QAANAAQ, Greenland — The picture that hangs in the town hall here looks like a class portrait from the Stone Age.
The faded photograph, dated 1909, captures a band of Arctic hunters, long-haired Polar Eskimos, just a few years after their first encounter with the white man. In the front row, a small boy stands, clad in sealskins, cheeks smeared with blubber, eyes wide with awe.
The boy savage, Qarqutsiaq, is 86 now. He favors mirrored sunglasses and neat cotton parkas and lives in Qaanaaq, a settlement at the top of the world that plugs into the global village via helicopter, telephone and satellite television.
"Life is changing," the rotund old bear hunter told a visitor. "Soon there won't be any hunters, and the Eskimo will become a white man."
Contest Not Yet Won
Soon, but not yet. Across the Arctic, among the planet's northernmost citizens, the contest between prehistory and tomorrow has not yet been won.
In their remote and breathtakingly beautiful land, a place where pearly icebergs the size of cathedrals drift down the horizon, the Polar Eskimos still paddle kayaks and drive dog sleds to the hunt, and harpoon walruses and narwhals for the larder.
Under the summer's midnight sun, this town of 500 humans and 2,000 dogs echoes to the howl of huskies, the call of the wild. And life is still lived on the edge. Hunters do not always make it home from the ice.
But in Greenland and in a great Arctic ring stretching over northern Europe, through Siberia and into North America, tomorrow is encroaching.
The U.S. Congress is debating opening up a last Alaskan frontier to oil development. In Canada and on this huge Danish island, Arctic military bases are being upgraded. In the vast and rich Soviet north, railroads and pipelines penetrate the frozen wilds.
Mightier icebreakers, sturdier oil rigs and hungrier economies are pushing back the borders of the impossible.
The natives are being pushed too. Before World War II, they predominated in the Arctic. Now an estimated 9 million immigrant southerners, mostly in the Soviet Union, outnumber natives 10 to 1.
The original northerners include the Nenets, Yakut and other ethnic groups in Siberia; the Lapps in Scandinavia; Indians in North America, and 100,000 Eskimos, who call themselves Inuit (the people). Their settlements cling to icy coasts from easternmost Siberia, to Alaska, to Canada and on to Greenland, where the Polar Eskimo tribe, in the island's northwest corner, leads the most traditional life.
Between 2 Worlds
Everywhere they live, the Inuit today are caught between two worlds, losing the old ways, not learning the new.
These nomads were originally gathered into settlements to combat epidemic and famine. But two generations later they remain poorly educated and often unemployed. Many have sunk into alcoholism and petty crime. Suicide is common.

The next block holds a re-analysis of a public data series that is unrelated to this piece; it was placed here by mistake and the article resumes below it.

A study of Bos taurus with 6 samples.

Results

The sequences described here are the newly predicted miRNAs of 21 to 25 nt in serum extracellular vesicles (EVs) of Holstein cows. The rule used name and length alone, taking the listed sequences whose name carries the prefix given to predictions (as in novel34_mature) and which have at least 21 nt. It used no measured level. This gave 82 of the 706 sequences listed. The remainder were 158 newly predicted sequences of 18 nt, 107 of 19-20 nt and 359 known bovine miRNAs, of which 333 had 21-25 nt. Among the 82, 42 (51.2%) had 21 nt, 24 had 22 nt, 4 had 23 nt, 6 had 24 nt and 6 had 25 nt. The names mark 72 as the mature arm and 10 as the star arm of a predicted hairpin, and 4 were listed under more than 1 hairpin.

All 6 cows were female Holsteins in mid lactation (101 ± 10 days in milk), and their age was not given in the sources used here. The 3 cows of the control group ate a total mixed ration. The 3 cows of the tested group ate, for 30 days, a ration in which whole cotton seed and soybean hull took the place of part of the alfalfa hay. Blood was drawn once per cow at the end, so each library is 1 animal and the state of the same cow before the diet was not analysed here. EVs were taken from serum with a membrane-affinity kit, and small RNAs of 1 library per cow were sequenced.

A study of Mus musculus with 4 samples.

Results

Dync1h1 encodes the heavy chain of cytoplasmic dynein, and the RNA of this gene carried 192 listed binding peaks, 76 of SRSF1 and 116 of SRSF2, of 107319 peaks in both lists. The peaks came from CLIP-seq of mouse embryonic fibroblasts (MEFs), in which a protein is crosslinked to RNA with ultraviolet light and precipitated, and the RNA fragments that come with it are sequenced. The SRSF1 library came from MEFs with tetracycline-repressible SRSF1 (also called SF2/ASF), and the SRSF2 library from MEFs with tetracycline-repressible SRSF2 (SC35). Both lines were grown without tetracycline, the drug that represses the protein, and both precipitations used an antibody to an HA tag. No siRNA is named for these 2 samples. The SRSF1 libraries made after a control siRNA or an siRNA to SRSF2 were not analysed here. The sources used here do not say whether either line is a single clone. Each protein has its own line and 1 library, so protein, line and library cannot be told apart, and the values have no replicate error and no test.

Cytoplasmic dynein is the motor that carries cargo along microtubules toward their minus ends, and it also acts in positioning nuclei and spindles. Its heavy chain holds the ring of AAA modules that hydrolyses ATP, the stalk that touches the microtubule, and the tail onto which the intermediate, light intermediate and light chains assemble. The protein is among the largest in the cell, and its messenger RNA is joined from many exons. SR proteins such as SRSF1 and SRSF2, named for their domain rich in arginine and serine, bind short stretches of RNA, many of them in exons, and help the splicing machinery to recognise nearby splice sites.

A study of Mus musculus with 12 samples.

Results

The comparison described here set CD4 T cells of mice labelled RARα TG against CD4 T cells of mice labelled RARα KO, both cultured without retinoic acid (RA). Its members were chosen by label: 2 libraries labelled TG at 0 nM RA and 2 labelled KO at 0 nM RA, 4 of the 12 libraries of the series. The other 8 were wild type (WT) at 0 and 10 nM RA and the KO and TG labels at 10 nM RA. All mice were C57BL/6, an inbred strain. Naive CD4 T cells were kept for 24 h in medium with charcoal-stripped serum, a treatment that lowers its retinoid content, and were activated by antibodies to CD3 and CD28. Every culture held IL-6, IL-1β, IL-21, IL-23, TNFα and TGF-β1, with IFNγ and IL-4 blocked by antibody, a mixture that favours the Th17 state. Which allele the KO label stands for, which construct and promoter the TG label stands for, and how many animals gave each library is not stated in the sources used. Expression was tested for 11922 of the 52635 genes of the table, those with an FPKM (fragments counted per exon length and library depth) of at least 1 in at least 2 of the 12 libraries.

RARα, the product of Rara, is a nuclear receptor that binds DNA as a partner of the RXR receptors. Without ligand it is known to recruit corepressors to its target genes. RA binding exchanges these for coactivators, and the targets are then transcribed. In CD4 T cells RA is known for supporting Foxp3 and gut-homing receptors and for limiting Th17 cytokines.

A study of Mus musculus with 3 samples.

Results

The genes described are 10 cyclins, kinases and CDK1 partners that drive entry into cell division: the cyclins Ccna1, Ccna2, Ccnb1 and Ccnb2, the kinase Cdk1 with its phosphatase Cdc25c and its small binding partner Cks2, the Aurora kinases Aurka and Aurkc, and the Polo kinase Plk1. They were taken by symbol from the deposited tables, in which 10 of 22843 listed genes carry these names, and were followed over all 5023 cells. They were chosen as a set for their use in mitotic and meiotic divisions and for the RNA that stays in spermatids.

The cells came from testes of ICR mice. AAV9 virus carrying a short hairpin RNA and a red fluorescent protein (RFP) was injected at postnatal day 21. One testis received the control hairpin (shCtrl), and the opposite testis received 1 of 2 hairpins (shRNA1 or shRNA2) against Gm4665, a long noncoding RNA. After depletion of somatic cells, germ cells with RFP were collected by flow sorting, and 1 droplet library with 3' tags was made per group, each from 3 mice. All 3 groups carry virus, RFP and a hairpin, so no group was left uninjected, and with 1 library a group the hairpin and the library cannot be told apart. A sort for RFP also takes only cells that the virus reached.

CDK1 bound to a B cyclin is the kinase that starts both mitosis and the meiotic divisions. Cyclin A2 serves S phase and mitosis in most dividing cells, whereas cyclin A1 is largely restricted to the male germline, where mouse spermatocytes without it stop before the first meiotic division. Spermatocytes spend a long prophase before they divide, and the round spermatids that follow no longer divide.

Under the influence of southern TV, young Inuit disdain the hunter's life and even their Inuktitut language. Those who do hunt fear that the prey that fed their fathers will be wiped out by the ships, noise and spills of an Arctic industrial age.
But, though often unschooled, sometimes drunk and occasionally incarcerated, the Inuit are still tough and resourceful. And they are determined to protect Nuna, their land.
"They took the Indians' land. Now they are trying to take ours," Aqqaluk Lynge, a Greenland Inuit legislator, told a reporter. "We will never allow it."
The land is mostly a frigid desert.
In the long, dark winter, temperatures plunge to minus-50 degrees Fahrenheit. In the short summer, despite 24-hour sunshine, the temperature rarely rises above the 40s. And much of the Arctic gets no more precipitation than Arizona, although the snow that does fall stays.
The ground underfoot is frozen as far down as 1,000 feet--a cracked, brown, treeless tundra that forces man to adapt. In Greenland they drill graves with jackhammers.
Few Animals Flourish
At the core of the northern ring stretches the Arctic Ocean, 5 million square miles of black water capped with a white, 10-foot layer of ice in constant movement.
Few animal species flourish in the extreme north: among them seals and whales, caribou and musk oxen, and the half-ton polar bear, the world's largest meat-eater.
Man, the world's smartest meat-eater, ventured northward with the retreating Ice Age in Asia 10,000 years ago. Early Inuit crossed over to Alaska 6,000 years ago and reached Greenland 2,000 years later.
Out on the ice, watching the bears, they learned to hunt seals. They taught themselves to hunt the bears and to survive by making the most of very little--fuel from seal fat, tent supports from whale ribs, thread from caribou sinew.
The Inuit became a model of human adaptability. But eventually even weaker men learned to live in the north.